Table of Contents Author Guidelines Submit a Manuscript
International Journal of Forestry Research
Volume 2012 (2012), Article ID 759521, 12 pages
Research Article

Nontraditional Use of Biomass at Certified Forest Management Units: Forest Biomass for Energy Production and Carbon Emissions Reduction in Indonesia

1Forest Systems and Bio-Energy Program, School of Environmental and Forest Sciences, College of the Environment, University of Washington, P.O. Box 352100, Seattle, WA 98195-2100, USA
2RMI, The Indonesian Institute for Forest and Environment, Jalan Sempur No. 55, Bogor 16154, Indonesia
3Interforest LLC, Holderness, NH 03245, USA
4Renewol LLC, 63260 Overtree Road, Bend, OR 97701, USA
5Forest Biometrics Program, School of Environmental and Forest Sciences, College of the Environment, University of Washington, Box 352100, Seattle, WA 98195-2100, USA
6ARU Associates, Pleasanton, CA 94566, USA
7Department of Chemical and Biomolecular Engineering, University of California, 201 Gilman Hall, Berkeley, CA 94720-1462, USA

Received 2 November 2011; Revised 15 March 2012; Accepted 27 March 2012

Academic Editor: David B. DeVallance

Copyright © 2012 Asep S. Suntana et al. This is an open access article distributed under the Creative Commons Attribution License, which permits unrestricted use, distribution, and reproduction in any medium, provided the original work is properly cited.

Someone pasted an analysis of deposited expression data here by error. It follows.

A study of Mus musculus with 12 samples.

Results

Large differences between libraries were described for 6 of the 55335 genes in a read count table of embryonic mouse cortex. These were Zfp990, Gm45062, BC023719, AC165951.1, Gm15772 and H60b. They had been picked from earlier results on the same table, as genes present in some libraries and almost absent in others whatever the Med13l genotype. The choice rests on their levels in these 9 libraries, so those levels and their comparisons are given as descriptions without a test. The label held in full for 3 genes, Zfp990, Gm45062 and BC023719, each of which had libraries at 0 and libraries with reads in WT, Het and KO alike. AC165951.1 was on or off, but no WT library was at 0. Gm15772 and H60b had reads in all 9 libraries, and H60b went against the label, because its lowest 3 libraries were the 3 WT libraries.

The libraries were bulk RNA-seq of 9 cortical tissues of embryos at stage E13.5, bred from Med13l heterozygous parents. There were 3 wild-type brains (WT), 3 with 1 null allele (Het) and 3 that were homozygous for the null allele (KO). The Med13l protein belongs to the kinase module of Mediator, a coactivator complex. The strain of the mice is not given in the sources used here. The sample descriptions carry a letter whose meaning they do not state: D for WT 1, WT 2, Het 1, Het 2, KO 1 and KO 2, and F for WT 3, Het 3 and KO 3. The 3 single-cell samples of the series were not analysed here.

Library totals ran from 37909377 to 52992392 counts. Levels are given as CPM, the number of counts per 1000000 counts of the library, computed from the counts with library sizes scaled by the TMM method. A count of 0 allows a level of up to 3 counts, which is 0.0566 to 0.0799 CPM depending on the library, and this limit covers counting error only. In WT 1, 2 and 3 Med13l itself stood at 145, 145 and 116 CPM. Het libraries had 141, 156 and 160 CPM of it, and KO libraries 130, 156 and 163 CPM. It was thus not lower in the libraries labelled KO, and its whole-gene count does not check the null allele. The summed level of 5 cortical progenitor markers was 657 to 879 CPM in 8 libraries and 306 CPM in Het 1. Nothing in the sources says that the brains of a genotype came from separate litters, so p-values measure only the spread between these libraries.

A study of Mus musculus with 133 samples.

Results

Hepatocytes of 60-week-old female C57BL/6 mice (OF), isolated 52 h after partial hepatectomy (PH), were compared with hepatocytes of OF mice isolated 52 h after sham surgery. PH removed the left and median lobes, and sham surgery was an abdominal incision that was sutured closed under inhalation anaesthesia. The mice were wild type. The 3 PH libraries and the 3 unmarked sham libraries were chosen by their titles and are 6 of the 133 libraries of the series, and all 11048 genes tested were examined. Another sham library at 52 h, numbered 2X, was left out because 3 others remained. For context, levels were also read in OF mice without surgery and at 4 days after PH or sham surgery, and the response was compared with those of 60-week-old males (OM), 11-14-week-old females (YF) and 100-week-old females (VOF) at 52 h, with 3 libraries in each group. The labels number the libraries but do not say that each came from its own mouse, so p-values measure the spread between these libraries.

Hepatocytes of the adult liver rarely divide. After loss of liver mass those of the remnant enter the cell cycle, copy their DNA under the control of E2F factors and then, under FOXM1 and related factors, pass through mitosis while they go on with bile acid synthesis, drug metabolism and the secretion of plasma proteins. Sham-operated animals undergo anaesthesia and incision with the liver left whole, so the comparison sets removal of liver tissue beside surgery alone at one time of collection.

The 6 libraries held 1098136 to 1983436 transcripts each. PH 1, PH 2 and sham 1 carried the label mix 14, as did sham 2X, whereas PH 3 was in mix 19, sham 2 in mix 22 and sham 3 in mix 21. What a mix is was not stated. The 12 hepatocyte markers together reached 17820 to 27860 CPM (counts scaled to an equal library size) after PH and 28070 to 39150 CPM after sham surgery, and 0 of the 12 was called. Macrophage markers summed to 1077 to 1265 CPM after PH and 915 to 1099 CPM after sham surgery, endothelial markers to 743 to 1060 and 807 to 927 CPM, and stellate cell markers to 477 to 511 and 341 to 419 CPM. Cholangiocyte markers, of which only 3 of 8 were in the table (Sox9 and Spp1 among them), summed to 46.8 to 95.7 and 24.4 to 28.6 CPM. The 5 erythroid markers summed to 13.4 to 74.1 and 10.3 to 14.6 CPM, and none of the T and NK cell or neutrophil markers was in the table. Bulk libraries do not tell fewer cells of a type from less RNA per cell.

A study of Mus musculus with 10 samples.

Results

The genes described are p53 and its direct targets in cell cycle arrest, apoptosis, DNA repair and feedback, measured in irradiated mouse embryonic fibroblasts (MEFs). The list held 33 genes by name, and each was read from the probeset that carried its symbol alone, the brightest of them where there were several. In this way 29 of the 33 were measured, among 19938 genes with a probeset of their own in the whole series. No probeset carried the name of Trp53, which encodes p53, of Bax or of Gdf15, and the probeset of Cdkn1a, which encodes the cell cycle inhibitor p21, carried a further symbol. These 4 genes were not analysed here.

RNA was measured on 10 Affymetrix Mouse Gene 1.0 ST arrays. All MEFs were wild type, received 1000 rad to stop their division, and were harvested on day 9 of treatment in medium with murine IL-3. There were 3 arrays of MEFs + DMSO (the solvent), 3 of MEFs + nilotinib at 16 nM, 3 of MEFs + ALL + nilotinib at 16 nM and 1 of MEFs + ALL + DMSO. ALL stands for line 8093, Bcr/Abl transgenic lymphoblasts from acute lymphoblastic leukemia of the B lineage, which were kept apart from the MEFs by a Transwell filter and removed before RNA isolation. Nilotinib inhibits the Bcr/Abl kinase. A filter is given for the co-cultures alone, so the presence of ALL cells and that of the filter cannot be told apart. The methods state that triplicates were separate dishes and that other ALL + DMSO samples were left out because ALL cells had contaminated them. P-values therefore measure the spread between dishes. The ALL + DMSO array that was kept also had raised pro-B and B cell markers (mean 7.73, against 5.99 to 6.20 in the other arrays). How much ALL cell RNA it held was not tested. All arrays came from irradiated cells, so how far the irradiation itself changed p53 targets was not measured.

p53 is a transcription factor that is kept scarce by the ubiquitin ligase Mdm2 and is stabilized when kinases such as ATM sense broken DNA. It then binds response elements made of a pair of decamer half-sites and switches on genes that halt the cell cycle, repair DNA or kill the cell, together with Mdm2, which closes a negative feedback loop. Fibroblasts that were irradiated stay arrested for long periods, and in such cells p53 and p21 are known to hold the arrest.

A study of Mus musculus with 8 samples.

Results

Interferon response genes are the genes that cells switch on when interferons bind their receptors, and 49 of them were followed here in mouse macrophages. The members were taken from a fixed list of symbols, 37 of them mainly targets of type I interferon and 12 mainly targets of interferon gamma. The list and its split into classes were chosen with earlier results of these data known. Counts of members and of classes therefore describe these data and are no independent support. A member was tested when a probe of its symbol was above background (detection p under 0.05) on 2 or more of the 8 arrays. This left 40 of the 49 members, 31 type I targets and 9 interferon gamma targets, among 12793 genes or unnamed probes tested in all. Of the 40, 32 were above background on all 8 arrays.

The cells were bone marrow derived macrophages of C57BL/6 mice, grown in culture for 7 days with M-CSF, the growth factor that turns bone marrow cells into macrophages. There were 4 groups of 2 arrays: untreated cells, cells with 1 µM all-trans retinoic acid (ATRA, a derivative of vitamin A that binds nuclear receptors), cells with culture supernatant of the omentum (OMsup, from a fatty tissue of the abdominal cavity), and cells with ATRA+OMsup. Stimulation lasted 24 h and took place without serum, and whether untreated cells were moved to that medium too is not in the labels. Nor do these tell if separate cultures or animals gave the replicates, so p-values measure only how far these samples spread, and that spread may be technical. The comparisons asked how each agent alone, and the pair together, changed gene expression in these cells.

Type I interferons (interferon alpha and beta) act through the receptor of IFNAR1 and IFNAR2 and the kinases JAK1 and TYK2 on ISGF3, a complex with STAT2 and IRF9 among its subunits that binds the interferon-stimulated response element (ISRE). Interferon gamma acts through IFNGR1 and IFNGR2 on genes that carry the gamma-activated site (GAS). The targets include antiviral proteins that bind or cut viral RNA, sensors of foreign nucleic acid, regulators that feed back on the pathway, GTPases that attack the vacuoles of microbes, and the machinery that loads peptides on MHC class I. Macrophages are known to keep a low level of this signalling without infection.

Biomass conversion technologies that produce energy and reduce carbon emissions have become more feasible to develop. This paper analyzes the potential of converting biomass into biomethanol at forest management units experiencing three forest management practices (community-based forest management (CBFM), plantation forest (PF), and natural production forest (NPF)). Dry aboveground biomass collected varied considerably: 0.26–2.16 Mg/ha/year (CBFM), 8.08–8.35 Mg/ha/year (NPF), and 36.48–63.55 Mg/ha/year (PF). If 5% of the biomass was shifted to produce biomethanol for electricity production, the NPF and PF could provide continuous power to 138 and 2,762 households, respectively. Dedicating 5% of the biomass was not a viable option from one CBFM unit. However, if all biomasses were converted, the CBFM could provide electricity to 19–27 households. If 100% biomass from two selected PF was dedicated to biomethanol production: (1) 52,200–72,600 households could be provided electricity for one year; (2) 142–285% of the electricity demand in Jambi province could be satisfied; (3) all gasoline consumed in Jambi, in 2009, would be replaced. The net carbon emissions avoided could vary from 323 to 8,503 Mg when biomethanol was substituted for the natural gas methanol in fuel cells and from 294 to 7,730 Mg when it was used as a gasoline substitute.